Jennifer Bartz, from the Mount Sinai School of Medicine, has found several responses that depend on a person’s mindset. She showed that socially secure people remember their mothers in a more positive light after inhaling oxytocin, while anxious ones remember mum as less caring and more distant. Along similar lines, she showed that oxytocin hinders trust and cooperation among people with borderline personality disorder.
These nuances didn’t come out of the blue. When Bartz looked at the early oxytocin studies more closely, she found that around half of them showed that the hormone enhanced positive behavior only in certain situations or individuals.
Sue Carter, who did much of the early oxytocin research with animals, views oxytocin as part of an adaptive system that allows us to coordinate our behavior with our social situation. It's a system that acts against the background of our histories and emotions.
The problem with oxytocin research is that too many people have been focusing on cataloging what it does (at least in some situations), rather than how it works. Say I’m new to computers and install my first Web browser. Suddenly, I can talk to friends, check train times, and buy books. Web browsers look like a pretty sweet thing. Then I discover Chatroulette and things are not sweet any longer. And none of this tells me anything about the existence of the internet, servers, code, and so on. I know what Web browsers can do, but not how they work.
This is the stage we’re at with oxytocin, and it’s the problem that Bartz and others want to crack. They already have some good ideas. Maybe oxytocin is a motivator that drives us to seek out social interactions. That would explain why it improves trust in some situations but drives bias and favoritism in others. More likely still, oxytocin could be a spotlight that draws our attention to social cues, making them more noteworthy. If we are naturally sociable, that’s a boon. If we are anxious, oxytocin only exacerbates the things that make us nervous.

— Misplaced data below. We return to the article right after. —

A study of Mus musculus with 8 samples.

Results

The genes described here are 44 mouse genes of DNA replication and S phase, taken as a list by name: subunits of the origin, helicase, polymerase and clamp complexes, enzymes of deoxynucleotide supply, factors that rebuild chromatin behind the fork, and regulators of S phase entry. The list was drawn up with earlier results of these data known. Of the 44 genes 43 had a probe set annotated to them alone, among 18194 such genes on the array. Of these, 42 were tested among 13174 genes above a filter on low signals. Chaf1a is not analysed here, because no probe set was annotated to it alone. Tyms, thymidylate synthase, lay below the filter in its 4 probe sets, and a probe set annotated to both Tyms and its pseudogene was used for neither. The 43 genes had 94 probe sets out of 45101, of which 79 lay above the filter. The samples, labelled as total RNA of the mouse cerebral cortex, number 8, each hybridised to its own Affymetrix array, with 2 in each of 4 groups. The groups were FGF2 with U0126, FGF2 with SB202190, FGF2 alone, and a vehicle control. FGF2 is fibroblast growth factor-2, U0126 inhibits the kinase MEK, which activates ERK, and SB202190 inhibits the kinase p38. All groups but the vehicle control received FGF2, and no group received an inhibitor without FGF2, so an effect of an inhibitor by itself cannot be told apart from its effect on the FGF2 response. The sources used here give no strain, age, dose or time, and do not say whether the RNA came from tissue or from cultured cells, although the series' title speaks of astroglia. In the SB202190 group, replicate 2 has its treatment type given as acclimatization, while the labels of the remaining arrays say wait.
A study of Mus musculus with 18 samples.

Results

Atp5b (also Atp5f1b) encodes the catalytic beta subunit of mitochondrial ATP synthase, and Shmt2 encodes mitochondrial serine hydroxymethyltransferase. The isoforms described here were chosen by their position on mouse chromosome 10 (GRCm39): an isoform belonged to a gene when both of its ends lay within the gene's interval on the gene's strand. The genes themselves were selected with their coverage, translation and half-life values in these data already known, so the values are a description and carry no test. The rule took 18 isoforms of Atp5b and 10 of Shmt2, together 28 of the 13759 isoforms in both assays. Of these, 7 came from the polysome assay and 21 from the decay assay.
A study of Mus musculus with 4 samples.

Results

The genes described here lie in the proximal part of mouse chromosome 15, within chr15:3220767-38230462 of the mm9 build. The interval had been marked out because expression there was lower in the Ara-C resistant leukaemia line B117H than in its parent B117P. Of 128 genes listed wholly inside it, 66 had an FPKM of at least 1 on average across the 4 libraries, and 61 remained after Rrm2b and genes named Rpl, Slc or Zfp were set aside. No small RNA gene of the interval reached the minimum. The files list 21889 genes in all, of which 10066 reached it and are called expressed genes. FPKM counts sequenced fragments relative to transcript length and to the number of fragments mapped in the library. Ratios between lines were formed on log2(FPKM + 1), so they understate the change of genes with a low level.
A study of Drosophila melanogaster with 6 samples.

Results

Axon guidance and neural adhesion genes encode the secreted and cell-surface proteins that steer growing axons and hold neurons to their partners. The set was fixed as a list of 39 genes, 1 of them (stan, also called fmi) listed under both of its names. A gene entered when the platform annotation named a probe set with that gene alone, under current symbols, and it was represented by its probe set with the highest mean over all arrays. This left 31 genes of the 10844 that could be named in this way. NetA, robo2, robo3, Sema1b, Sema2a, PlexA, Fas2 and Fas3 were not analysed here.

These hypotheses are up for testing. Either or both of them might be correct, but neither fits with the idea of a single molecule that’s the seat of morality. The truth, as they say, is a bit more complicated than that.
Why does any of this matter? Because the hype around oxytocin hurts and exploits vulnerable people. The hormone’s reputed ability to fix social ills has drawn the attention of parents whose children have autism, depression, or other conditions characterised by social problems. Many groups are looking to use oxytocin to ease those conditions, but always with great caution. Heinrichs, for example, is running a trial to see if oxytocin can help people with borderline personality disorder, when used alongside normal therapy. “If you sit at home with a social phobia and a prescribed nasal spray, the only effect you’d get would be a dripping nose,” he told me last year when I spoke to him for a New Scientist story.
But some people aren’t going to wait. Many of the scientists I have spoken to have been approached by parents who had bought oxytocin from the Internet and were using it to treat their relatives. “That’s very worrying,” says Carter. “There hasn’t been a single published study on the use of oxytocin in young children, and we have no knowledge of the long-term consequences.”
In many ways, oxytocin epitomises what happens when enthusiasm, salesmanship, and optimism runs ahead of evidence and careful experimentation. The true moral of the moral molecule may be that ideas that are too cleanly packaged are probably just fragments.